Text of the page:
Firstly would you would say that this comes under Linear or Abstract Algebra? If I've posted it in the wrong place sorry.
I have been confuddled by this question. Find the range of values of a for which the following equations have two real roots: ax^2 + 2x +3 = 0
I've given it a couple of goes, but can't seem to get the correct answer. See attached for my scruffy workings.
If someone could just show me how they would work through the problem then I will probably be able to see where I am doing wrong.

Many thanks
Originally Posted by EvolvedPie View Post
Firstly would you would say that this comes under Linear or Abstract Algebra?
Neither. This is high school math, not college.

Anyway, I don't see how you get from $\Delta = 2^2 - 4*a*3$ to
$\Delta = 4 - 12a - 12$
Neither. This is high school math, not college.
Yes I realised that after posting. I'm from the UK so we use the wrong words for things.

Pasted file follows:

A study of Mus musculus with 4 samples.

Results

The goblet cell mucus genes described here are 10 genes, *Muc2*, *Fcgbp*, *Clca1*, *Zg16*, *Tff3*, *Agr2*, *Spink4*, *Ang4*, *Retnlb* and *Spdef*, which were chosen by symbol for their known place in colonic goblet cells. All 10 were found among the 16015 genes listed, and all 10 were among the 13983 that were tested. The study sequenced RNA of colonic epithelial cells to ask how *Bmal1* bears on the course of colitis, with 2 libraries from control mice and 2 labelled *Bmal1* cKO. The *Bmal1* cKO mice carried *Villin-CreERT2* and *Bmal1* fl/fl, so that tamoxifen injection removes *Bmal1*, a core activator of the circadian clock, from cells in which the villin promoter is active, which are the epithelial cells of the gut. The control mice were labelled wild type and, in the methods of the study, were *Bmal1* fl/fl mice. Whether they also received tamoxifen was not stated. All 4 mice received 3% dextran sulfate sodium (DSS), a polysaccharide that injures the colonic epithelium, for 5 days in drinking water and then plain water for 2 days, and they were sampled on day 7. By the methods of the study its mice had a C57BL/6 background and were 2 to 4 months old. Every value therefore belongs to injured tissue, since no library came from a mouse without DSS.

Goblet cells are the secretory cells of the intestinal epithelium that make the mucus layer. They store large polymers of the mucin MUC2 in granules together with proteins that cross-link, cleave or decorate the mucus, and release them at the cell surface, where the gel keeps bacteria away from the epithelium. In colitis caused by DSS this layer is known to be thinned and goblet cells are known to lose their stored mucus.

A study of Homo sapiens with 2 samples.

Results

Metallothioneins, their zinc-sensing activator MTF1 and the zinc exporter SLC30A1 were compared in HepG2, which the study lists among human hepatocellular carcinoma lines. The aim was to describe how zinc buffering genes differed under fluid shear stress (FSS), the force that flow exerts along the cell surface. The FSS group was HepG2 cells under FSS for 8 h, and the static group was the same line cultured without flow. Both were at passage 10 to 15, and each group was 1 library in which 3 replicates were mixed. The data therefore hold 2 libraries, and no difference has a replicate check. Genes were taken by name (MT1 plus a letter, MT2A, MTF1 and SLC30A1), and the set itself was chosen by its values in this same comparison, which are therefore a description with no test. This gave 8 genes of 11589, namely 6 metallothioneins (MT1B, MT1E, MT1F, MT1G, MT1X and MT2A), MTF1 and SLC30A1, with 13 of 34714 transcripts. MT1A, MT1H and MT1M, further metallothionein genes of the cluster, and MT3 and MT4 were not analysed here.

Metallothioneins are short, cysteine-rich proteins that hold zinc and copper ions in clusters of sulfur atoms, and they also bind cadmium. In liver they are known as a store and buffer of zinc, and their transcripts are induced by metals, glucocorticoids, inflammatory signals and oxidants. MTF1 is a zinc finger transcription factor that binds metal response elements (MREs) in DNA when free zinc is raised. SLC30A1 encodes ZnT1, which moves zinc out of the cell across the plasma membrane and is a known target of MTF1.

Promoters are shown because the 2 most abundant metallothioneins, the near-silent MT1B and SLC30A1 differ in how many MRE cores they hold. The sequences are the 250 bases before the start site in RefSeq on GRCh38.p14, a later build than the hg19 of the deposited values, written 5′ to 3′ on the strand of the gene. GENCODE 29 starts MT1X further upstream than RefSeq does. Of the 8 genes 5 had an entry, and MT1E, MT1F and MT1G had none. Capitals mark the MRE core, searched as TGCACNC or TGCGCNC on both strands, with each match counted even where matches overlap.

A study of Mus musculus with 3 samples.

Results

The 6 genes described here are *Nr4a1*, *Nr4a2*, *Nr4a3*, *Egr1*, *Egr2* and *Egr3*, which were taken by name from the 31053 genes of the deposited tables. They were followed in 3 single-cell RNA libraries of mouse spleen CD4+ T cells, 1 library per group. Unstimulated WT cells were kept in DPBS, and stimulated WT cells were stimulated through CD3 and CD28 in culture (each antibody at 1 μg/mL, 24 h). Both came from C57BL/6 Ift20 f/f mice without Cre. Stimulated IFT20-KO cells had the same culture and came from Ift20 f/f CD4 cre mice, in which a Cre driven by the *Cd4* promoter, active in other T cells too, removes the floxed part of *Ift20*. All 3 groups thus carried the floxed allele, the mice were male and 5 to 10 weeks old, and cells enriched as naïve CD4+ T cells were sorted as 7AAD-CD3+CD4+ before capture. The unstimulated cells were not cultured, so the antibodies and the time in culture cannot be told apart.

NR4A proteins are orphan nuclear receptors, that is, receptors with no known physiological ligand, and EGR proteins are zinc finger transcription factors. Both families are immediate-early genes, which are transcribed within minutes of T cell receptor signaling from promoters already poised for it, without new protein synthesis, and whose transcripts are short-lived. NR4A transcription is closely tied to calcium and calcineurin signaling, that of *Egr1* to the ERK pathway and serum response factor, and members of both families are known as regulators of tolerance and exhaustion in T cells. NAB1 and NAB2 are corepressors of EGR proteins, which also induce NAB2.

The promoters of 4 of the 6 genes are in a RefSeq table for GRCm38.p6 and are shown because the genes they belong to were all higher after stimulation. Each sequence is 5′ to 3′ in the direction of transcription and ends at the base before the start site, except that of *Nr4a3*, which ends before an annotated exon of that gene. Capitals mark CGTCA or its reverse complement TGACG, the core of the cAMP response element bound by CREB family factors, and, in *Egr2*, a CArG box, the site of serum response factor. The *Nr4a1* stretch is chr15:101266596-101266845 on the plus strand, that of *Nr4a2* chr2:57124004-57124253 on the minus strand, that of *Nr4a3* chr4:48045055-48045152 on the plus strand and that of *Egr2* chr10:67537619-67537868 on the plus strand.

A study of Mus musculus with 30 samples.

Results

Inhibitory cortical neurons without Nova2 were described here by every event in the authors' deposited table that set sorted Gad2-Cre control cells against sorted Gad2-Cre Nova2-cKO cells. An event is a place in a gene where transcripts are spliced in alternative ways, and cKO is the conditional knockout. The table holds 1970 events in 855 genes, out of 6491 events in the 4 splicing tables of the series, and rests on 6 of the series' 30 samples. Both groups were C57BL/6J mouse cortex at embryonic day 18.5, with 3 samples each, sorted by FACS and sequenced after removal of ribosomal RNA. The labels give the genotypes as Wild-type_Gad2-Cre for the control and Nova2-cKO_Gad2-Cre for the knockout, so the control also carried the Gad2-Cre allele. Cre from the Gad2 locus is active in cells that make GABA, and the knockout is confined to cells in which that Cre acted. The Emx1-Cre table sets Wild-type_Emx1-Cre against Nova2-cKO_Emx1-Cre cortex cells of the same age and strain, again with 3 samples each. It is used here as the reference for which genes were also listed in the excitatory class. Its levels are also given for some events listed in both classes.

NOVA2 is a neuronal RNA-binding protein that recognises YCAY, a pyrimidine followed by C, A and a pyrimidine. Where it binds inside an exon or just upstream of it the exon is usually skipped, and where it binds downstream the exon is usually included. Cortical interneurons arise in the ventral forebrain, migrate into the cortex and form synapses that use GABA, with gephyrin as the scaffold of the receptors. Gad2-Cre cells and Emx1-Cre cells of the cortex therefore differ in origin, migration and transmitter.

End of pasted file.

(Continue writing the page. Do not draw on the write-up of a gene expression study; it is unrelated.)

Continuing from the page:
And thank you. You may not realise it but you just pointed out to me what I was doing wrong.
b^2-4ac
I was putting 4(a*c) meaning that everything was being multiplied by 4 as opposed to just multiplying them together.
User error. Thanks again.
X2 + 8x + a =0
D = 8^2 – 4 * 8 * a = 0
D= 64 – 32a = 0
Divide by 32: D = 2 – a = 0
Which would mean that the answer is a < 2
But the answer is apparently a < 16.
What am I doing wrong?
X2 + 8x + a =0
D = 8^2 – 4 * 8 * a = 0
$y = ax^2 + bx + c \implies D = b^2 - 4ac$

for $y = x^2 + 8x + a$ ... note that $a$ is the constant $c$ and $1$ is the leading coefficient, $a$, in the above equation for the discriminant, $D$

suffice to say, $a$ was a poor choice to represent the constant term.

$D = 8^2 - 4 \cdot 1 \cdot a = 64-4a = 0 \implies a = 16$
I'm from the UK so we use the wrong words for things.
No we don't! Although it's perfectly understandable at your level not to know what Linear Algebra and Abstract Algebra are or that quadratic equations are neither. Don't worry about it.